This week, Wolfang Adamczak, research funding officer at the University of Kassel, gives you practical tips on navigating the German Ph.D. funding situation--opportunities, application procedures, and mistakes to avoid.
The system for funding Ph.D. research is currently somewhat paradoxical. Although people in many areas of society are desperately crying for qualified young scientists, there is barely enough money to finance their education. The natural sciences and engineering face the opposite dilemma. There is money to spend, but not enough young people are willing and able to apply for these positions.
In reaction to this problem, Germany's major funding body for university research, the Deutsche Forschungsgemeinschaft (DFG), decided in October 1999 to grant full BAT IIa positions to Ph.D. students in disciplines such as engineering, informatics, physics, chemistry, and applied mathematics to make the academic career more attractive.
Scholarships are a nice way to finance your Ph.D. However, although they provide more independence than project-bound positions, they are not generally as lucrative. Before you decide to go this route, pay attention to the considerable differences in the amount of the monthly payments of different donors. Scholarships offered by the federal states (Stipendien der Bundesländer) can be as low as 1400 DM per month. Such a low stipend can distract students from their Ph.D. research. Considering this, Germany's Associations for the Promotion of Highly Gifted Students (Begabtenförderungswerke) recently increased their scholarship rates to 1800 DM monthly plus a lump sum of 200 DM to cover material costs such as books. This is also the standard rate for the DFG's Graduate Colleges.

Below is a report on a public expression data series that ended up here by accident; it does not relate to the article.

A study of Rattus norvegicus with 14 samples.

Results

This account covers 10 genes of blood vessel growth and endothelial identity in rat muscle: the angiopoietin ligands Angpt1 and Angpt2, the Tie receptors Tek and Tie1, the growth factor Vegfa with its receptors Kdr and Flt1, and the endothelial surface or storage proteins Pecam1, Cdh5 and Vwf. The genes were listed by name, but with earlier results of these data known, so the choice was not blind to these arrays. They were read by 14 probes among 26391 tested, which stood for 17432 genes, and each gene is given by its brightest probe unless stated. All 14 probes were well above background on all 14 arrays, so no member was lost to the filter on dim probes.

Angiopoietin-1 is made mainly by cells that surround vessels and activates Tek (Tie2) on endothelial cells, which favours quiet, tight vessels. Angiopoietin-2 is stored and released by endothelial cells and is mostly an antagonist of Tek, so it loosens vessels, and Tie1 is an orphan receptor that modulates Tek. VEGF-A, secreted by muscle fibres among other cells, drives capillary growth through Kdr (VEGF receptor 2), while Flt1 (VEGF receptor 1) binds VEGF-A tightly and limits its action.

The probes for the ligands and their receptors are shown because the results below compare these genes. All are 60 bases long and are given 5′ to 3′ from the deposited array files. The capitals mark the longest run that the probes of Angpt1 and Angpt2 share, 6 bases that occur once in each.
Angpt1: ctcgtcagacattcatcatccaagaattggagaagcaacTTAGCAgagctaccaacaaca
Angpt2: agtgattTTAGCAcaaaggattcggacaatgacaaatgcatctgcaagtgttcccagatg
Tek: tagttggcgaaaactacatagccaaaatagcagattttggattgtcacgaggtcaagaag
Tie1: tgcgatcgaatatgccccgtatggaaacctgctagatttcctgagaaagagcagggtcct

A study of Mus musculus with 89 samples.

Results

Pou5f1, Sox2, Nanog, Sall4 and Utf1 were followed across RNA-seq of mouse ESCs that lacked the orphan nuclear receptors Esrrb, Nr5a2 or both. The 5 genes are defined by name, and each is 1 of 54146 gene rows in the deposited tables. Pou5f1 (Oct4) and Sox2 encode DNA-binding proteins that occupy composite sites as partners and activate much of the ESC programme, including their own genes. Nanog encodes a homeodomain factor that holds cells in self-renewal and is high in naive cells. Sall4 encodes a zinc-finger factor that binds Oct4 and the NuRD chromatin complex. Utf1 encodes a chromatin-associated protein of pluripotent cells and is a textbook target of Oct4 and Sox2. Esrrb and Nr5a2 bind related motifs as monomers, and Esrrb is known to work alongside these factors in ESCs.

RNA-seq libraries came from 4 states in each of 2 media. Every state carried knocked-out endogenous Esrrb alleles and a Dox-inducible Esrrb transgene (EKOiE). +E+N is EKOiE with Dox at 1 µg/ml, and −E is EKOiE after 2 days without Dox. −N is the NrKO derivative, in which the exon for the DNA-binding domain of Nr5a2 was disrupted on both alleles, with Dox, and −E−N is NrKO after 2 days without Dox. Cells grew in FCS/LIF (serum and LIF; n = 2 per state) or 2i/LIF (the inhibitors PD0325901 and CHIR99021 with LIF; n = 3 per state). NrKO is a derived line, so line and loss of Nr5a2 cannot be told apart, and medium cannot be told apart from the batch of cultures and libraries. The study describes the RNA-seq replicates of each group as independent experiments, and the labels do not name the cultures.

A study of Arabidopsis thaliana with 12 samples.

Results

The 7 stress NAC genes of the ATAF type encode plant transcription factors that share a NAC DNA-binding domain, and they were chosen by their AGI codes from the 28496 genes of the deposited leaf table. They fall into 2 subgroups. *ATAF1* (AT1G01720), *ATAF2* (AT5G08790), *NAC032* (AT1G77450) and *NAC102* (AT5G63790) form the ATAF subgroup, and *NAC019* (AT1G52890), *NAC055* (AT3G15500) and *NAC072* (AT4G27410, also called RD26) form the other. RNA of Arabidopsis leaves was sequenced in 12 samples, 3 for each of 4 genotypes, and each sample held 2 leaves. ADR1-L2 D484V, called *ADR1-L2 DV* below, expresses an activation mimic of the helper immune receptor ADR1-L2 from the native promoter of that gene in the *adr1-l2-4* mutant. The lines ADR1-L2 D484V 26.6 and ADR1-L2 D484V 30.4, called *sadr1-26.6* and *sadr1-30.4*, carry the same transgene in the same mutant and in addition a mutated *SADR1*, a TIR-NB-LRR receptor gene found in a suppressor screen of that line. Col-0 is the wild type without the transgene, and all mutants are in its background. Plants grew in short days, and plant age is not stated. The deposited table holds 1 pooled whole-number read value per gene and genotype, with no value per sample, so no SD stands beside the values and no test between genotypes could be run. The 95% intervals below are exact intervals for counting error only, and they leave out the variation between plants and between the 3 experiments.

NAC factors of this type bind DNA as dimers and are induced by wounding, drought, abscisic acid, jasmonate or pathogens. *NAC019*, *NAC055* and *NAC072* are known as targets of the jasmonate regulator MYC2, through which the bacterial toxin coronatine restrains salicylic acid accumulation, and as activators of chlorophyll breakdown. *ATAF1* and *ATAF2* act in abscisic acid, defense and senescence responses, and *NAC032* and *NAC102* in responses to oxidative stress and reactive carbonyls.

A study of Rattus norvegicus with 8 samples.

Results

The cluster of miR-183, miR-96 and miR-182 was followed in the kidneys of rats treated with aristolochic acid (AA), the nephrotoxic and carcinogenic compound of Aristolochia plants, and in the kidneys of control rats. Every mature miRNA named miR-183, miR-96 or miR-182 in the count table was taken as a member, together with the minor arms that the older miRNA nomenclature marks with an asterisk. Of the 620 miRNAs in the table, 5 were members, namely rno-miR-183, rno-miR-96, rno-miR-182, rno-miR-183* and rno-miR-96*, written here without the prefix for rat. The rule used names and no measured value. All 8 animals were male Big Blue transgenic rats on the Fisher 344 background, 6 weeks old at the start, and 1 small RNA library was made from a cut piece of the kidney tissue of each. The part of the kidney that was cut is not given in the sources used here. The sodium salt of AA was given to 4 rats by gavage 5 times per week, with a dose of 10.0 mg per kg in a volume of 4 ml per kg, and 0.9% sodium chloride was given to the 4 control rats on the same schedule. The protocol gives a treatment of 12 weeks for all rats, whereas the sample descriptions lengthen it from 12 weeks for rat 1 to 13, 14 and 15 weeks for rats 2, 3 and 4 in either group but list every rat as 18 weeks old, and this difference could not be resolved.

Ph.D. scholarships are available from a considerable number of funding bodies. Some bigger ones are listed below:
A detailed overview of the major scholarship donors can be found at the Department of Budget, Research Funding Office of the University of Kassel.
Third-party funds (Drittmittelprojekt) are often a more appealing option for financing graduate studies. Drittmittelprojekt funding covers half a BAT IIa position, as well as materials and travel expenses. The only drawback is that Ph.D. students in Germany cannot apply for money to fund their own position; their supervisor must apply for them. If you are looking for funding for your Ph.D. research, you should try to persuade your supervisor to apply at a grant-giving agency. This proposal should match your research topic, a usual procedure, e.g., with the DFG's material allowances (Anträgen auf Sachbeihilfe). You can find information about current research funding programs at ELFI, the Servicepoint for Electronical Research Funding Information.
Applying for Drittmittelprojekt money has a corollary benefit. It is a good way to test how much your "Ph.D. father/mother" is really interested in your project. Of course, you can prepare the proposal yourself, but your supervisor will usually give it that final polish. After all, it is their name on the proposal. And this is not a trivial amount of work; only a truly committed adviser will be willing to put in the effort.
One last piece of advice before I close this brief introduction to Germany's funding jungle. You know the aims of your research. But are you also able to communicate these aims to other people? And are you sure that your project really is new, original, and exciting? If you aren't certain, tune in next week for "How to Write a Successful Proposal."
Wolfgang Adamczak has also written several brochures on diverse research funding issues. Among them are:
"Ich will promovieren. Anregungen"
"Wie stelle ich einen Forschungsantrag?"
Extended information on research funding in Germany can be found at the WWW pages of the Department of Budget, Research Funding Office of the University of Kassel.